You are sitting across the table from an important influencer within your customer’s buying center. You scheduled this meeting to outline how your new product helps the customer’s teams improve performance. You present one customer value prop after another, so many in fact, there’s no way you can lose.

Except for one thing.

The value proposition that the influencer cares about most is lost in the myriad features, benefits, and perhaps even value. How do you get your value message to resonate with the influencer?

This question was in my mind on a recent road trip when I saw a simple billboard for an upcoming rest-stop. The billboard only had three things on it, a picture of an ice cream cone, the name of the rest-stop and the distance.  I realized I had seen that billboard for the same rest-stop earlier with a different message and had not taken note of it. Now I was watching for the next one and thinking of ice cream.

Still thinking of the ice cream a few miles later one of my children announced they had to use the bathroom. I thought this would be a good excuse to stop and get a treat. To my surprise, the next billboard appeared and this time their message was “Clean Restrooms in 5 miles.” They understood my need and delivered the message at the right time, resulting in a successful advertising campaign.

I noticed many billboards that day. Some were so crowded with messages that I could not process them before the opportunity passed. I realized that what made the rest stop billboards so effective was the white space. How do we use white space in our sales conversations?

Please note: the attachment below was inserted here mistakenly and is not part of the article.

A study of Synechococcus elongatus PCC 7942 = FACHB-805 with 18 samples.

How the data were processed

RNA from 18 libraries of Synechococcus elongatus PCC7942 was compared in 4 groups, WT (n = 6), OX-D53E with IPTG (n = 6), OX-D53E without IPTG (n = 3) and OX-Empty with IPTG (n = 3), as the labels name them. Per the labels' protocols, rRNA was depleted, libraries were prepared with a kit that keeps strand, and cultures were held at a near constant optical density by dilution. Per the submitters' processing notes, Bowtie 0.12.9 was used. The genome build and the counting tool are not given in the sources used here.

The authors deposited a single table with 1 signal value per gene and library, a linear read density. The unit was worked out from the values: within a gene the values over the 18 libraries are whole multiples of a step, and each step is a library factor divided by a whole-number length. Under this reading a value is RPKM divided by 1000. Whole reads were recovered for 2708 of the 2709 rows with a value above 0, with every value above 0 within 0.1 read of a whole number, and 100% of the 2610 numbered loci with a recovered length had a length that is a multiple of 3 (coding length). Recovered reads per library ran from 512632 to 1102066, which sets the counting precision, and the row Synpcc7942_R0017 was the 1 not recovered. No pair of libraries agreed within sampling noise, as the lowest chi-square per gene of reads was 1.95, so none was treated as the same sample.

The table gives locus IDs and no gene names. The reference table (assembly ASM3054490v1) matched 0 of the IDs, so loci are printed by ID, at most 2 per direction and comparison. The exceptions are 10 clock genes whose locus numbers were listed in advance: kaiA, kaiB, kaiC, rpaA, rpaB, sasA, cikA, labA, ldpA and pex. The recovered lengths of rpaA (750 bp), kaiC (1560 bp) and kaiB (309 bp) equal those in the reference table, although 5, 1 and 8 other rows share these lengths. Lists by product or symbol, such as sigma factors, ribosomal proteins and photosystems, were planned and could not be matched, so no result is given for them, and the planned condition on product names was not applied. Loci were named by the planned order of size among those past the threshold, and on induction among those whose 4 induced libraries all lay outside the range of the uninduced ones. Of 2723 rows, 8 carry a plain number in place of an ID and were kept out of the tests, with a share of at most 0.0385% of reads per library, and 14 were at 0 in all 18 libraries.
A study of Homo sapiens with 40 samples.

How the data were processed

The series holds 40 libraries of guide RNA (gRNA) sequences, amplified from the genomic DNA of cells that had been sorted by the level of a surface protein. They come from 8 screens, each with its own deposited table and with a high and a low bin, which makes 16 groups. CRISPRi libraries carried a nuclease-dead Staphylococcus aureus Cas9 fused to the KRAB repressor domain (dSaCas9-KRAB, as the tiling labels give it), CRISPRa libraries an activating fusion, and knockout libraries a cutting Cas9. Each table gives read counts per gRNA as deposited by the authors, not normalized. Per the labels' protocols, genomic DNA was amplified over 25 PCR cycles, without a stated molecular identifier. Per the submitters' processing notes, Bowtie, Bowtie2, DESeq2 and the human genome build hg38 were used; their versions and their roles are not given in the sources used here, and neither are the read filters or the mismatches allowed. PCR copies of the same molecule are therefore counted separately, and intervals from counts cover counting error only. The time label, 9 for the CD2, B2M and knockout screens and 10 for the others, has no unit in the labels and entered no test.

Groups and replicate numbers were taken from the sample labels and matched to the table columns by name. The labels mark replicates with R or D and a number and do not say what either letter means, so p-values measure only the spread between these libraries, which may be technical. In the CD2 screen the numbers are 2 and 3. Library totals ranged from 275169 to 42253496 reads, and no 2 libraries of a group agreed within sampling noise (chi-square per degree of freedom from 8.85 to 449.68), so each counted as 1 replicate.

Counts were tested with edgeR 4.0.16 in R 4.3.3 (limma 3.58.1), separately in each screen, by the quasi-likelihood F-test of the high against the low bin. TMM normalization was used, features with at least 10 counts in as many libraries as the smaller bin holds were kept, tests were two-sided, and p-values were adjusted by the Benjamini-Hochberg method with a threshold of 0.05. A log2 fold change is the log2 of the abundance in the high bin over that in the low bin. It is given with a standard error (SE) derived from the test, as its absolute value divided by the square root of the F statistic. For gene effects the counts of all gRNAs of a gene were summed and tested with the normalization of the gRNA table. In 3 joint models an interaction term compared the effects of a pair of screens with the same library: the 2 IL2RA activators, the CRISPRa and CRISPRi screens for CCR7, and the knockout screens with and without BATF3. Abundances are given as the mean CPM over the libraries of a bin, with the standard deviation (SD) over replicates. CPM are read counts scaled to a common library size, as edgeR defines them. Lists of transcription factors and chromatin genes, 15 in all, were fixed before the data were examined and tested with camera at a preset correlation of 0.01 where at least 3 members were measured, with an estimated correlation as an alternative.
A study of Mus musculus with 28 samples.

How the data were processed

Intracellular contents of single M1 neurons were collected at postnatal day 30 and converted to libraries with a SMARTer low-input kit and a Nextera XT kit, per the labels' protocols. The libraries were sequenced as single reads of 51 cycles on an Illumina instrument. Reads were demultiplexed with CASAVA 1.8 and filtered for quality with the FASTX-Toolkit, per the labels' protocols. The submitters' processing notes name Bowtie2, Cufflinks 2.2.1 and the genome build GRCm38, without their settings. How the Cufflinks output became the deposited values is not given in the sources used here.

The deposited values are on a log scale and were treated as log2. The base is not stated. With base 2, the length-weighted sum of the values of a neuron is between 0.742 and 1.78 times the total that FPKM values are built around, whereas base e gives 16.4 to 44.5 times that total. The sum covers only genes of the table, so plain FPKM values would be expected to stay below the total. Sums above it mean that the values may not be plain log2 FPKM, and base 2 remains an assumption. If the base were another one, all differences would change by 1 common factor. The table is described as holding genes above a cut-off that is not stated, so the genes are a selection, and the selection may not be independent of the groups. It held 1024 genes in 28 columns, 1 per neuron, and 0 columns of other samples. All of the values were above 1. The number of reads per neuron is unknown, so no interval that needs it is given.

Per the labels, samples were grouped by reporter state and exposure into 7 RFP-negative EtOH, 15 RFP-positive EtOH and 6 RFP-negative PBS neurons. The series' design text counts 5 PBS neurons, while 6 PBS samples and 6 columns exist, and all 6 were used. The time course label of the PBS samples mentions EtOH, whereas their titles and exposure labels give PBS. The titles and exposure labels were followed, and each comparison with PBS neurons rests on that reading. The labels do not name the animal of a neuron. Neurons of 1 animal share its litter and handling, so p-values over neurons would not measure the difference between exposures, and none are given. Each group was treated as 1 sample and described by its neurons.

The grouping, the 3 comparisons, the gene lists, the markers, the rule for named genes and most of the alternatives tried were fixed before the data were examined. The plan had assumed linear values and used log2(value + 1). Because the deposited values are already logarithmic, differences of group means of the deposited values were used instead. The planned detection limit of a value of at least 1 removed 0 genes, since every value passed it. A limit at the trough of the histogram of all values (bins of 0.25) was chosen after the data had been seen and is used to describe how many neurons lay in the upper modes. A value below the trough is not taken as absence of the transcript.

The rest stop had many value props to share, but rather than throw them to drivers all at once, they provided the right message, one at a time. From a sales perspective, conversational white space ensures your audience can process the impact of the value you are discussing and replicate the message where needed. This is especially important if the value does not impact them directly. They may have to become an advocate for your message and carry it through the organization to the real decision maker.

So, the next time you are developing a call plan, consider how one message, that is the message that affects the member of the buying center with whom you are meeting, might be more powerful than many, while true, might not resonate. Use white space to help your message sink in and, quite possibly, create champions within your customer’s organization.

Travis UmplebyWritten by Travis Umpleby

Travis Umpleby is a Business Consulting Manager at Holden Advisors.